Carlo says he found his family in the army. There, he was immersed in a male-dominated world and didn't have to flirt with women. At first, he's sent to Albania. Carlo is transferred from unit to unit and marches around for seemingly no reason, but finally he lands in the Julia Division. There, Carlo discovers the joy of being a soldier. He explains that soldiers love each other in a way entirely different from any other kind of love--they become intimately knowledgeable about each other and are there to support each other.
At this point in Carlo's military career, war is beautiful exactly because he gets to experience the kind of relationships with men that he's always dreamed of having. This shows how the friendships that soldiers form as they unite to work towards a common goal allows them to create some of the strongest friendships possible.
The one thing that spoils this is that none of the soldiers knows why they're in Albania, and plenty of soldiers, including Carlo, are communist and don't feel good about rebuilding the Roman Empire. He feels haunted by the sneaking suspicion that his cause is pointless, especially when Count Ciano golfs and Mussolini shoots cats. Carlo insists he's not a cynic, but he does know that whomever wins the war will get to say how things happened. He knows too that Mussolini has made it clear that the Greek campaign was a win for Italy, but Carlo says this is a lie. Carlo suggests that history should only consist of anecdotes of the "little people who are caught up in it." For Carlo, the Greek campaign destroyed his patriotism and brought on the greatest tragedy of his life.
The fact that Carlo is aware of the ridiculousness going on at the top levels of the Italian government suggests that Mussolini isn't as good at controlling the press as he'd like to believe. It also shows that Carlo knows how to think critically about things and is willing to believe what he sees around him, not what his leader tells him to believe. His statement that history should be written by "little people" shows him making the same realization as Dr. Iannis did that history is innately personal.
Carlo explains that Socrates said that the genius of tragedy is the same as in comedy, but that the comment isn't explained in the text. However, Carlo says that what happened in Greece illustrates the truth of Socrates' statement. He begins by admitting that he fell in love with Francisco. Francisco was gorgeous and smiled constantly. Francisco wasn't secretive about the fact that he despised Mussolini and mocked him incessantly. He adopted a mouse named Mario who lived in his pocket.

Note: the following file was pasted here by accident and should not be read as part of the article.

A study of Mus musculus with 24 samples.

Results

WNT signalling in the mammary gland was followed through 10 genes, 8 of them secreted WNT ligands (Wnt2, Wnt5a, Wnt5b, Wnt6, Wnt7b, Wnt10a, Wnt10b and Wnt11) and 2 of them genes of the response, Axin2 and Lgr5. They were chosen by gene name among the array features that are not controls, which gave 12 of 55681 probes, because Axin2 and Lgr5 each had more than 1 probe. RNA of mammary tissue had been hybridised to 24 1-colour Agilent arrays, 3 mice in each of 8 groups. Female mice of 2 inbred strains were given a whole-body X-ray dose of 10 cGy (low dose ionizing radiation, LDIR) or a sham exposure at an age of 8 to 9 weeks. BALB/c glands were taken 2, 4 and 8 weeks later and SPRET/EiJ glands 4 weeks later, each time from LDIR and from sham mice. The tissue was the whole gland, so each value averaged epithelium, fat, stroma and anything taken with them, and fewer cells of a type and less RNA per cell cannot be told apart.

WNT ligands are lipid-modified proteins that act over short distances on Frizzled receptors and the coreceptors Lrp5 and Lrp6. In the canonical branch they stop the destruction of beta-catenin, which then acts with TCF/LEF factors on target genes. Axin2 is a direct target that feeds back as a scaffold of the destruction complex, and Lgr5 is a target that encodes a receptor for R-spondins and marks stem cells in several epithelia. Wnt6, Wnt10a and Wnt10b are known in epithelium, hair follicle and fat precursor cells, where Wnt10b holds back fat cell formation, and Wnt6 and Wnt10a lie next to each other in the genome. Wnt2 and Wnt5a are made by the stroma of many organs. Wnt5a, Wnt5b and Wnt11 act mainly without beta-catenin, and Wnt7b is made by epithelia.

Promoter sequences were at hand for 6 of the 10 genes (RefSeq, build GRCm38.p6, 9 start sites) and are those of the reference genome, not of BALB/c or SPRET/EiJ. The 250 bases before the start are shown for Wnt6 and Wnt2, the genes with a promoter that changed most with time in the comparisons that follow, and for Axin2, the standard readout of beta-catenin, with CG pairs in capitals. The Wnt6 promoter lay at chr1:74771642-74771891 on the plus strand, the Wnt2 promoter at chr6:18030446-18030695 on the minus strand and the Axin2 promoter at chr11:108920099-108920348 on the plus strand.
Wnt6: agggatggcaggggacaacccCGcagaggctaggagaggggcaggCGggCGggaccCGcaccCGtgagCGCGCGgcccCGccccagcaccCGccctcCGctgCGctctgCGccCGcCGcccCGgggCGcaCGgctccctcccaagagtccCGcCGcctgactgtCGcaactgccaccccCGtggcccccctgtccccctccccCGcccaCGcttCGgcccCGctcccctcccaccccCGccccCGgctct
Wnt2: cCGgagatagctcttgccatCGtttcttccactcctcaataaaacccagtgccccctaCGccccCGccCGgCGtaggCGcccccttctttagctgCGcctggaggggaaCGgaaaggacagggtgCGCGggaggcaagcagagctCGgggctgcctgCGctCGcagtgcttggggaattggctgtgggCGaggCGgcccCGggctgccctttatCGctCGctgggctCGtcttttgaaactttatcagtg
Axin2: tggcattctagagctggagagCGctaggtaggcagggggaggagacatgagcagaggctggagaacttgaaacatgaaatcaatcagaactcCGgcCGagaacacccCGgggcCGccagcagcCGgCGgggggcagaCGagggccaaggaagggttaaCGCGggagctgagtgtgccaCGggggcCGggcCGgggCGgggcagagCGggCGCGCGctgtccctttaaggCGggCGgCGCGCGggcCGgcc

By invoking Socrates, Carlo is able to assign his experiences and his writing a deeper meaning than if they stood alone. Again, this shows how he relies on the stories of others to construct his own. Francisco's behavior indicates that it's not just possible to hate Mussolini; it's possible to mock him openly without being punished--proof that Mussolini isn't as powerful as he'd like to think.
Carlo admits that the soldiers knew nothing about what was going on at the top; all they knew was that their orders often contradicted each other. However, he says there were definitely clues that they'd be ordered to invade Greece: they built roads leading towards Greece, and he doesn't believe that the Greeks killed the Albanian Daut Hoggia. He explains that he learned from Dr. Iannis later that Hoggia was no patriot; he was a murderer, a thief, and a rapist. Carlo explains that what follows is an account demonstrating that the Italians started the war, not the Greeks. If the Italians lose, his writings might tell the world the truth.
Carlo's closing statement here indicates that he understands clearly how history works: the winners get to say exactly what happened. This means that his writings could someday become dangerous for a number of reasons as he'd be contradicting the "official" story as well as admitting his sexuality to a regime that wasn't friendly towards gay people. By insisting that this be read after his death, Carlo then ensures that his words are more impartial.